Milwaukee Brewers right fielder Ryan Braun (center) steals second base as Chicago Cubs shortstop Starlin Castro (left) waits for the throw during the fifth inning.
Darren Hauck/Darren Hauck/Associated Press
MILWAUKEE (AP) — Nearly a month into the season, Matt Garza got his first win for the Milwaukee Brewers against his former team, the Chicago Cubs.
Garza, who signed a four-year, $50 million deal with the Milwaukee in the offseason, retired the Cubs in order in four of the first six innings. He gave up two runs and four hits while striking out seven and walking one over seven innings as Milwaukee defeated Chicago 5-2 Friday night.
"I’m just happy that I was in control of my mechanics all game," Garza said. "I just wanted to go and establish my game plan and not get too over-amped."
Garza insisted facing the Cubs, for whom he pitched in 2011 and 2012, as well as part of last season, didn’t generate any added emotion for him.
"It’s another game. I’ve been on five different teams. If I had to get up for everybody, I’d be tired by mid-season," Garza said.
Brewers manager Ron Roenicke liked what he saw from Garza.
"He really went after guys." Roenicke said. "His command was good. He had really good stuff today."
Lyle Overbay homered and Carlos Gomez and Ryan Braun each had three hits and a stolen base for the Brewers, who have a Major League best 17-6 record.
Garza (1-2) said he’s enjoying finally playing on a winning team.
"When you go through years of constantly hoping, you kind of run out of hope," he said. "We’re going out with the attitude that we are going to win. It brings up a lot better emotion. It’s confidence. That what we’re playing with a lot of right now."
Garza’s ability to keep pitches down in the zone made it tough on Chicago’s hitters, Cubs manager Rick Renteria said.
"He doesn’t rattle very easily. He goes right after hitters. You have to tip your cap to him," Renteria said.
Francisco Rodriguez pitched a scoreless inning to pick up his 10th save in 10 chances.
Cubs starter Carlos Villanueva (1-5) gave up five runs and 11 hits in five innings.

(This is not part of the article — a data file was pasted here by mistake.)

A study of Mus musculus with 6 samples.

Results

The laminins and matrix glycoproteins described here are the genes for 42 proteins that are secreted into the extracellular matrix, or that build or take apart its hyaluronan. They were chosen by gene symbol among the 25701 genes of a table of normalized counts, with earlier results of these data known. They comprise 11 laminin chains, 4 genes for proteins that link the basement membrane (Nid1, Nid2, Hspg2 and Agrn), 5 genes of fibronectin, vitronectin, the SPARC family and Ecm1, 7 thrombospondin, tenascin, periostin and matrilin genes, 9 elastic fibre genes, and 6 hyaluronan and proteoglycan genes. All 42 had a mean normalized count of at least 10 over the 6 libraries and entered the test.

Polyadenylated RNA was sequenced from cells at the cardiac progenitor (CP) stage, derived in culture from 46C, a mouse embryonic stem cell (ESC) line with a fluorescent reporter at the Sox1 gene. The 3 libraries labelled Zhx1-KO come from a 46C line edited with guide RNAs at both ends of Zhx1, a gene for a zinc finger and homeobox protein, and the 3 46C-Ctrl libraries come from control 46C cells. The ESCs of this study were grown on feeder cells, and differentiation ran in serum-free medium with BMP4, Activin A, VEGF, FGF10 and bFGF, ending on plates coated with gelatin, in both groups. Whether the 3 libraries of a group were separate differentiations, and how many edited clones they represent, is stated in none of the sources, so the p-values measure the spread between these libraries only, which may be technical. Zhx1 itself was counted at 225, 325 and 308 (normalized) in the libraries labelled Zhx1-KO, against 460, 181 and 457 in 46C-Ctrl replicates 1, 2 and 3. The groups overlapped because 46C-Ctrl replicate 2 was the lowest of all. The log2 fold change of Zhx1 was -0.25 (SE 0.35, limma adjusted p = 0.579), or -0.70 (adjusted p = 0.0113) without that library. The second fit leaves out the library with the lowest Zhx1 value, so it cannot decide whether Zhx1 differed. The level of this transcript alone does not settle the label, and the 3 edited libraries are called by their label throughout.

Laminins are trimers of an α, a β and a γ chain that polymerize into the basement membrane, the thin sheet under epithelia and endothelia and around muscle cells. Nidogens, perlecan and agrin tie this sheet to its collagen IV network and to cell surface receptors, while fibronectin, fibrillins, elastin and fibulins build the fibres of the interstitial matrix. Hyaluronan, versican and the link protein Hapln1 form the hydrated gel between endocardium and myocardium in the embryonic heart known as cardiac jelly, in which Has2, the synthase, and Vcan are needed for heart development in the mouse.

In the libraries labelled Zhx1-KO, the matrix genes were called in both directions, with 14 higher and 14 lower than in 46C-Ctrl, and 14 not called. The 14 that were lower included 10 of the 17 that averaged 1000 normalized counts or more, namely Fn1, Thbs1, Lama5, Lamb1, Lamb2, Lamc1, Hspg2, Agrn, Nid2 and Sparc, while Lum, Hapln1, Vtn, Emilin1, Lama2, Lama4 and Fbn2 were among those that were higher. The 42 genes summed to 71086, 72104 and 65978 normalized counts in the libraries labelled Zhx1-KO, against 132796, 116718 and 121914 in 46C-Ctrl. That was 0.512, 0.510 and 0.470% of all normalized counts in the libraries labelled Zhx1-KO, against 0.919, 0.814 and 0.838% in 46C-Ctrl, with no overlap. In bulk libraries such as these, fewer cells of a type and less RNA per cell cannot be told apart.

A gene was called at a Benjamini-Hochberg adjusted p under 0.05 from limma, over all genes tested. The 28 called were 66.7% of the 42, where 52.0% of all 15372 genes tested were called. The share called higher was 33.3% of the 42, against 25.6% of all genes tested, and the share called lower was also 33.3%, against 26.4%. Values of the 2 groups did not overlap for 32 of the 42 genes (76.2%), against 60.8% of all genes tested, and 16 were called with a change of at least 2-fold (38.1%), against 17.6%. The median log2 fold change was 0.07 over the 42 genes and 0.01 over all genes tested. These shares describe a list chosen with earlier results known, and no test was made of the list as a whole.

The Brewers when Cubs left fielder Junior Lake appeared set to make a routine catch of Scooter Gennett’s line drive but the ball sailed past Lake’s glove and rolled to the fence, allowing Gomez to score.
Braun’s single drove in Gennett, who scored as Lake airmailed a throw to the plate, giving the Brewers a 2-0 lead.
The Cubs cut the lead to 2-1 in the third on Emilio Bonifacio’s run-scoring single.
The Brewers extended their lead to two runs again in the bottom half of the inning. With Gomez on first, Braun hit a ground ball deep in the hole at short. Cubs’ shortstop Starlin Castro made a strong throw and umpires initially ruled Braun out at first. After a delay of two minutes and 20 seconds, Braun was ruled safe. Jonathan Lucroy followed with a single to score Gomez.
Overbay led off the fourth with a homer, giving the Brewers a 4-1 lead. Aramis Ramirez’s sacrifice fly in the fifth extended the lead to 5-1.
Ryan Sweeney’s ground-out plated a run for the Cubs in the seventh.
Notes: The Brewers unveiled a statue of Hall of Fame radio announcer Bob Uecker, situated in the last row of the upper deck behind home plate, that pays tribute to the classic Miller Lite ad campaign in which he starred. . . . Rodriguez tied Robb Nen for 18th place with his 314th career save. . . . Brewers manager Ron Roenicke applauded Major League Baseball’s attempt to eliminate the confusion that has surrounded the "transfer" rule this season by returning to the previous interpretation for when a fielder loses possession of a ball while trying to shift it from his glove to his hand. "I like what they did. I think it makes sense and it is the right way," Roenicke said. . . . Chicago reliever Neil Ramirez made his Major League debut. . . . The Brewers’ Marco Estrada (1-1) will face the Cubs’ Travis Wood (1-2) on Saturday.